These last two days have been brutal. They have also been an indescribable blessing. A Brutal Blessing. Yep…that about sums it up.
We are confused. We are mad. We are broken-hearted.
We are also thankful that he is whole. Healthy. Cancer-free. Pain-free. Beautifully and completely healed.
On Wednesday, I officiated the memorial service. About 300 people who knew him, loved him, were related to him, went to school with him, or provided him medical treatment celebrated his life and mourned his passing.
This morning I stood with the family beside the grave. Stories were told. Tears were shed. Embraces were shared. And yes, even laughs escaped our lips.
As I prepared for the service, I realized that this little man taught me some profound lessons in the short time I knew him. I shared these lessons at the service. His parents gave me permission to share them here as well.
Jay taught me to live.
Boy, did this kid live. He was always smiling…or laughing…or teasing…or cuddling…or playing…or…
During the slide show at the service, I found myself thinking, Holy smokes! I would like to do some of the things Jay has done!
He swam with dolphins. He visited family in Alaska. He kissed a llama. (Seriously. I saw the picture.) He canoed, paddle-boarded, and swam. He road a scooter IN the hospital and IN Safeway. (Again…not kidding. Just ask his mom.)
Jay lived…fully alive. His life challenges me to do the same.
Jay taught me to be strong.
Ok…a little perspective. Jay was first diagnosed with a type of soft-tissue cancer I can’t even pronounce – let alone spell – when he was 18-months-old. He was only given a 20% chance of surviving his first treatment.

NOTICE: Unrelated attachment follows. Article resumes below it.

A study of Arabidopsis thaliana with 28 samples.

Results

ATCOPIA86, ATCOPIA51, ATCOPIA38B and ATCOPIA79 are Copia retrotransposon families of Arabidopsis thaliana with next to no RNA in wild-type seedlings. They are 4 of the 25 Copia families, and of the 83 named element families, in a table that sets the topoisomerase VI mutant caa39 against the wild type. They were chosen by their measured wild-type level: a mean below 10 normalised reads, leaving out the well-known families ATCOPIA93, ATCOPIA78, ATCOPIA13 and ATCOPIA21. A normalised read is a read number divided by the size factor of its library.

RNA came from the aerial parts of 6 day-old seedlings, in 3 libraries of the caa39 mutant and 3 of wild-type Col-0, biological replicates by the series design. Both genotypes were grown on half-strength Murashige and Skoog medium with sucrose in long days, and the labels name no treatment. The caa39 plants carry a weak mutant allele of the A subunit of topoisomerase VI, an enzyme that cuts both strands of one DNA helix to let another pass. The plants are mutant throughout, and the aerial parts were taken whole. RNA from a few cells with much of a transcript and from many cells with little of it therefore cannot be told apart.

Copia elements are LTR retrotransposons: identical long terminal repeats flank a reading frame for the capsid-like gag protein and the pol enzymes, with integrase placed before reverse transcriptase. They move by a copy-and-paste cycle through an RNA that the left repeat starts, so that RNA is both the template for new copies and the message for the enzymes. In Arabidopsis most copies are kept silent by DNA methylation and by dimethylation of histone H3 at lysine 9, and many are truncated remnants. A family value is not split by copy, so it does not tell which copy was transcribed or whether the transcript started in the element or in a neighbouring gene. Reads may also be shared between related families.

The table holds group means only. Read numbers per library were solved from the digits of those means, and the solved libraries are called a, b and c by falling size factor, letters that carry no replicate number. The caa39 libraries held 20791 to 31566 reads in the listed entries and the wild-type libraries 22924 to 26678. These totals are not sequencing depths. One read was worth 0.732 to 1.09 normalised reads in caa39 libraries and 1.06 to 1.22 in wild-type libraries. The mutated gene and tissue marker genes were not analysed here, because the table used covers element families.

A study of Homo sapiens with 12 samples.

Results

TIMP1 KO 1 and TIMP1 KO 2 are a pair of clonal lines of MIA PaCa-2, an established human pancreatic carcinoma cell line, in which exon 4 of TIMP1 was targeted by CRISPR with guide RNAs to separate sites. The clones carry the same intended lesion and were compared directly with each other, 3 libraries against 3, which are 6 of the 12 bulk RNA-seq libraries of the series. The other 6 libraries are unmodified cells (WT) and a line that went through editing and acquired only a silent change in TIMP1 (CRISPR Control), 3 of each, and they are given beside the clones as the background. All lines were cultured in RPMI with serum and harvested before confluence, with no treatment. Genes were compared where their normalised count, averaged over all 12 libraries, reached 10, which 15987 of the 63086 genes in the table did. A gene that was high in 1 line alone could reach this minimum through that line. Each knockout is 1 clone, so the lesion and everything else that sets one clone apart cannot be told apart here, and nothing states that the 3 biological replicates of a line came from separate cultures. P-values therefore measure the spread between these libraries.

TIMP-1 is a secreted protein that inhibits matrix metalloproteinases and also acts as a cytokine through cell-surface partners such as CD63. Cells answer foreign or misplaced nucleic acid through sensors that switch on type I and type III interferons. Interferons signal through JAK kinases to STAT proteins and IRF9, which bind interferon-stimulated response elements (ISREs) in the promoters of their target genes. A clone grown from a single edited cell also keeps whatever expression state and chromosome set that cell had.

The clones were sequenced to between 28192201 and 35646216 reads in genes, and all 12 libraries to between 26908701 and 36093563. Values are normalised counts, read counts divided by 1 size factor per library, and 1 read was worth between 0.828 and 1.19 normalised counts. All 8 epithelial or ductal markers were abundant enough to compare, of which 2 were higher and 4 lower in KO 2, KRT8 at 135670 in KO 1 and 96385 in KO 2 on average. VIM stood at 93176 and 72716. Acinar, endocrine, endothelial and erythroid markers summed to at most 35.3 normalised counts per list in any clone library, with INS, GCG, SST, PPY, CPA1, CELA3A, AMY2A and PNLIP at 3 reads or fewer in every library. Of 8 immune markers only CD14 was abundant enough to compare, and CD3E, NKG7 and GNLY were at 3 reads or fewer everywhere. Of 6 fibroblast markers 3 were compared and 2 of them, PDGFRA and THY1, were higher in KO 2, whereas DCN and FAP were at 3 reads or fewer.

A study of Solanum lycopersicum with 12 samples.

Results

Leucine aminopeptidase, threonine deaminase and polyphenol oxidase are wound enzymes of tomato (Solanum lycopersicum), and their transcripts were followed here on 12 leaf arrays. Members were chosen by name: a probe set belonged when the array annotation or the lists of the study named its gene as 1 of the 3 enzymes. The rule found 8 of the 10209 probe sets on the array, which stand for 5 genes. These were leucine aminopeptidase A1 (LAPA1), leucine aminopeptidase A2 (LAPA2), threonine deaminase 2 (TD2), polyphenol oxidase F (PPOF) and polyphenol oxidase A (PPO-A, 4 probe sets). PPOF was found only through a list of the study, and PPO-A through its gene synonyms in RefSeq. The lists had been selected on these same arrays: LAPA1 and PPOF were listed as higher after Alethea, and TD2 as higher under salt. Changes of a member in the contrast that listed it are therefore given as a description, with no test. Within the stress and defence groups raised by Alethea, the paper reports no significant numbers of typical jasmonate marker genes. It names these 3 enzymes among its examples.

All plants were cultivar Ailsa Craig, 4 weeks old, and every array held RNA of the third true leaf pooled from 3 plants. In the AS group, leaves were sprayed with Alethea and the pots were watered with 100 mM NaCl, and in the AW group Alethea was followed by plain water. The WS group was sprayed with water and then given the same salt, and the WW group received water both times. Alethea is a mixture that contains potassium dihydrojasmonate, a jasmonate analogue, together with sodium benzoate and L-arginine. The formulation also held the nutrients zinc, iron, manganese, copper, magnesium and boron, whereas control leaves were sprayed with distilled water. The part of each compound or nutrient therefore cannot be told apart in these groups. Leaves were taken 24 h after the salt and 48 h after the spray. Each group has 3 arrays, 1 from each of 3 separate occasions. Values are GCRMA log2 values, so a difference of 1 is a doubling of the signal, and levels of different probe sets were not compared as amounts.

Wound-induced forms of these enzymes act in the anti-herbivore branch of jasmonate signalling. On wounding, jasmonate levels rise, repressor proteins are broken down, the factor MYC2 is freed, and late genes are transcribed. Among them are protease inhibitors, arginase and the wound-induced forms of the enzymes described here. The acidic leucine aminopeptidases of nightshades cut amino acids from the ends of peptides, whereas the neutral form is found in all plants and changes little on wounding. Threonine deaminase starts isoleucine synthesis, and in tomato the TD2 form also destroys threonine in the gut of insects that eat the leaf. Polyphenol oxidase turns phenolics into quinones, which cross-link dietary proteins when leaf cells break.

Almost six years later, Jay never quit fighting. Over and over at the service, at the dinner afterward, and today at the graveside, the three most-used words were brave, strong, and courageous.
Jay fought. He fought hard. And he never complained. Jay was amazingly strong.
Jay taught me to be weak.
Yes…I just typed that. No…it doesn’t contradict the previous lesson.
I said before that Jay never complained. That doesn’t mean he didn’t ask for help. When Jay needed help, he asked.
I have a tough time with asking for help. You?
Not Jay. He knew what he could do and what he couldn’t do. So do I. So do you. But it’s hard to ask for help. Do it anyway.
We were designed to live in community. We were designed to need each other. We were designed to serve one another. We were designed to be served by one another. Jay was an example of “good weakness.”
To say we will miss Jay is to tread deeply into the Land of Understatement. We already miss him greatly. I only pray that I spend the remainder of my years living out the lessons he taught me. I can think of no better way to honor him.
Cheers Jay. Save me a seat at the party.